In August of 2021, two women, one who embezzled $40,000 and one who stole $250,000 received sentences of eighteen months in prison and probation, respectively. Unsurprisingly, the woman who stole more money and received a lesser sentence was white while the other woman was black. Former Chagrin Falls, Ohio Village Clerk Debbie Bosworth pleaded no contest to 22 counts of theft in office, tampering with records and money laundering after auditors discovered she had embezzled more than $238,000 over the span of 20 years. The Cuyahoga County Prosecutor’s Office rejected the 53-year-old Bosworth’s plea and asked a judge to sentence her to prison, even though she wrote a check for $100,000 to repay part of her debt when her scheme was uncovered.

Both Bosworth and Judge Holly Gallagher are white women. Gallagher cited that Bosworth paid back $100,00 of what she stole, sentencing her to two years of probation. The County prosecutor, however, stated that he believed the sentence to be “unacceptable in that he believes public employees who steal from taxpayers should go to prison.” The next day, Assistant Cuyahoga County Prosecutor James Gutierrez—the same assistant district attorney who prosecuted Bosworth—recommended a prison sentence for 51-year-old former school secretary. Hopkins was only charged with one count of theft and plead guilty unlike Bosworth. In addition, Hopkins had emptied $20,00 of her own pension funds to pay back the money she stole and underwent a job replacement program. Hopkins also sought mental health treatment and has received attention for her gambling addiction. However, Hopkins was sentenced to 18 months in prison.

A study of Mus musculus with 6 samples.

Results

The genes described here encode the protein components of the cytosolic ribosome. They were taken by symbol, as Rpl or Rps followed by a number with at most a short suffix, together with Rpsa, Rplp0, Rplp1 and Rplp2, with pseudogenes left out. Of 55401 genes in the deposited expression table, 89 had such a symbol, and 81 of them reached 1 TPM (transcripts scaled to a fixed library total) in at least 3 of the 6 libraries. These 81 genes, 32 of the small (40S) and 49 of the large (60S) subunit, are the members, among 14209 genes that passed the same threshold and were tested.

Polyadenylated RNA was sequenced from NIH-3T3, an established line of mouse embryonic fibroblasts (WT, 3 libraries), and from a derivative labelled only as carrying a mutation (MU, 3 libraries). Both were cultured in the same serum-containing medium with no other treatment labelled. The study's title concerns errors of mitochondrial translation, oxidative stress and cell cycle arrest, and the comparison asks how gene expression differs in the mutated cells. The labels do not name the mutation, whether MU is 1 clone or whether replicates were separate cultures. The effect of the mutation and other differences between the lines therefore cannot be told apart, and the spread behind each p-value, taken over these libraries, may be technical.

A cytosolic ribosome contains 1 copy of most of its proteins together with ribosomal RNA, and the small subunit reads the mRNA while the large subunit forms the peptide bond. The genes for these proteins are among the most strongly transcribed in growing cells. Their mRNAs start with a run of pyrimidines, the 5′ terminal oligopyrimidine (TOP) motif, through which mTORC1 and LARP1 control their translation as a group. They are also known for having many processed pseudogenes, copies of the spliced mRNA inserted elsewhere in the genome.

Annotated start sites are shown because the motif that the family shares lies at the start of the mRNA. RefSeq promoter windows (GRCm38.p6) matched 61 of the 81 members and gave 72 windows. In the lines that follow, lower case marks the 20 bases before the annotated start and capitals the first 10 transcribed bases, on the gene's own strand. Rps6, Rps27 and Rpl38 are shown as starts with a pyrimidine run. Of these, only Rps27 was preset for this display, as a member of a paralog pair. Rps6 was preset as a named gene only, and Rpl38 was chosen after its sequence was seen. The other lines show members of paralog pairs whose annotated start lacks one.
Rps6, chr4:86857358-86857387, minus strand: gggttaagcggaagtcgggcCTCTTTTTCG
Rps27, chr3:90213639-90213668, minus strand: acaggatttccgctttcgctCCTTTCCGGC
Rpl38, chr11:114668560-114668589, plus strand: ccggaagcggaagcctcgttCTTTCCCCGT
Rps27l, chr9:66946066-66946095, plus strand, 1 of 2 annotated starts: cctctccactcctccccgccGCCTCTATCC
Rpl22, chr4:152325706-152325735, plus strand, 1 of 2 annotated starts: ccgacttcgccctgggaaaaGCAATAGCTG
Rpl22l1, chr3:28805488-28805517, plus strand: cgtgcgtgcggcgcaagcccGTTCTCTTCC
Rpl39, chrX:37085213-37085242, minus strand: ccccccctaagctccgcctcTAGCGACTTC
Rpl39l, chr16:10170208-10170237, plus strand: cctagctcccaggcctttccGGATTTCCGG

Activists rallied back noting Bosworth had committed more crimes over a longer of time, in addition to stealing more money. However, Hopkins, a black woman, received a harsher sentence. “I think it reinforces the lack of trust in the justice system,” said Danielle Sydnor, president of Cleveland’s NAACP chapter. “These types of things are the way the system was designed, and they will continue to happen if we don’t have large-scale reform.” Nationwide, Black people convicted of crimes received 20 percent longer sentences than similarly situated whites who commit the same offenses, according to the U.S. Sentencing Commission.

This case exemplifies the issues faced by women of color in the United States justice system. Although the two women committed the same crime (Bosworth even mores o than Hopkins), their sentences were intensely disparate. This disparity highlights the stark difference in criminal justice as it exists for white Americans and criminal justice as it exists for black and brown Americans. This case also shows the need for intense attention to be paid to sentencing systems. Ohio leaders are calling for a public database tracking all sentences to understand the differences in sentencing between white and black Ohioans. This issue does not only exist in the Buckeye state. Policymakers and court officials must act to ensure that all Americans have the right to a free and speedy trial.